Sun is going to move OpenOffice from the LGPL 2.1 license to the LGPL 3 when the 3.0 rev of the software hits beta, a date that has not been finalized although OpenOffice 3.0 is supposed to be on track for release in September.
Sun says the tightened-up license is “more flexible and protective,” particularly against software patents, evidently a reference to Microsoft’s claim that open source programs tread on its IP.
Immediately an updated, copyright-sharing, patent-licensing Sun Contributor Agreement (SCA) 1.5 is being substituted for the older Joint Copyright Assignment (JCA).
Contributions to any packaging of OpenOffice require a signed non-negotiable SCA sent to Sun. Contributions from companies need a SCA signed by an officer of the company. There’s a special SCA for employees of the US government.
The requirement, which asserts that the contribution is original work, that you’re legally entitled to grant Sun rights and promises the contribution will remain FOSS in perpetuity, holds true for documentation, bug fixes, design specs and graphics, even little bitty ones.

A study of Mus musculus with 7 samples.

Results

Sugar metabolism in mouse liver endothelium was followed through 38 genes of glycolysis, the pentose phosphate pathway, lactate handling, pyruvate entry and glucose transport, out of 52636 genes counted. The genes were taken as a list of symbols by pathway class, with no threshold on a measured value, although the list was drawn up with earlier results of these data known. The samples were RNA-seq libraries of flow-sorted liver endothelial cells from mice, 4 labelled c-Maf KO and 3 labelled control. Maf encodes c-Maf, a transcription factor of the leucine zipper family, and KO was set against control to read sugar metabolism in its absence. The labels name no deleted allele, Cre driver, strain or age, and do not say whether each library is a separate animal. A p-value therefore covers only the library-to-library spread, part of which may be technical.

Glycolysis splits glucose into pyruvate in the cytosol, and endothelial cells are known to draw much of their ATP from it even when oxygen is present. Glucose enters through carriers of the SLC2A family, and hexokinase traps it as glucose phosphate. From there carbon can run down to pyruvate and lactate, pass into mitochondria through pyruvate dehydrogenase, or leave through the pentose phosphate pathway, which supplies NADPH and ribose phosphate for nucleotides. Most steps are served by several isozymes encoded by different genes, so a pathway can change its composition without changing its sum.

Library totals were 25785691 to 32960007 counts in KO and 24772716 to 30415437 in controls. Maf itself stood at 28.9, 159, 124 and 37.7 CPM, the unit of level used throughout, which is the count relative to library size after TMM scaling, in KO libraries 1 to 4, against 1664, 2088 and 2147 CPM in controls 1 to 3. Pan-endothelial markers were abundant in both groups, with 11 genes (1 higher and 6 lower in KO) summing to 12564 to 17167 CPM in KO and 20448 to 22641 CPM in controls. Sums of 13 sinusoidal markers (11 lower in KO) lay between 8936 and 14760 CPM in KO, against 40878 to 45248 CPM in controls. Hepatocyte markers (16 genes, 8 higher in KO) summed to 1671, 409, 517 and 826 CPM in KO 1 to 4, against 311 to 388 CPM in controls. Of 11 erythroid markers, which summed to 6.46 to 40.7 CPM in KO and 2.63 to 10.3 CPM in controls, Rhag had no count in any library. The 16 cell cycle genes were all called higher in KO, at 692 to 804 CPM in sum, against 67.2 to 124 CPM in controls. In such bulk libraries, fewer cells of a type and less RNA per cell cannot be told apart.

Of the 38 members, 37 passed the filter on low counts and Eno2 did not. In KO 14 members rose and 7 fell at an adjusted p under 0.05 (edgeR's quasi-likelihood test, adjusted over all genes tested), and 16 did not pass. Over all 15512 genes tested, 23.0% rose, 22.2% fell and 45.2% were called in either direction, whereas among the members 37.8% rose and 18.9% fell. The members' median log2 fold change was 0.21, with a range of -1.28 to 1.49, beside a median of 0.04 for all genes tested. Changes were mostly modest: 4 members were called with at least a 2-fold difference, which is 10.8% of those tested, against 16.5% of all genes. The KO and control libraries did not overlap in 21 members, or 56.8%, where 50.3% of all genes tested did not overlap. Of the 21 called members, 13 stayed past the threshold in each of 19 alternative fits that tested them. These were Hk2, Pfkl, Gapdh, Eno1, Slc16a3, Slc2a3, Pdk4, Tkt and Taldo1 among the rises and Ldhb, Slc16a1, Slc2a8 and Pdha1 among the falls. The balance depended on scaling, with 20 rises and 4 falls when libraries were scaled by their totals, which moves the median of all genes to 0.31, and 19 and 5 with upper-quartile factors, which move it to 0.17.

It is required of all Sun-sponsored open source projects but developers only have to execute one, not multiple ones. It’s meant to let Sun act on the community’s behalf in case of legal challenge, let sun share code with other open source projects, and, it says, license source code to parties that aren’t prepared to work with an open source license.
The Lesser GPL permits libraries to be used in proprietary programs without tainting the program with open source restrictions.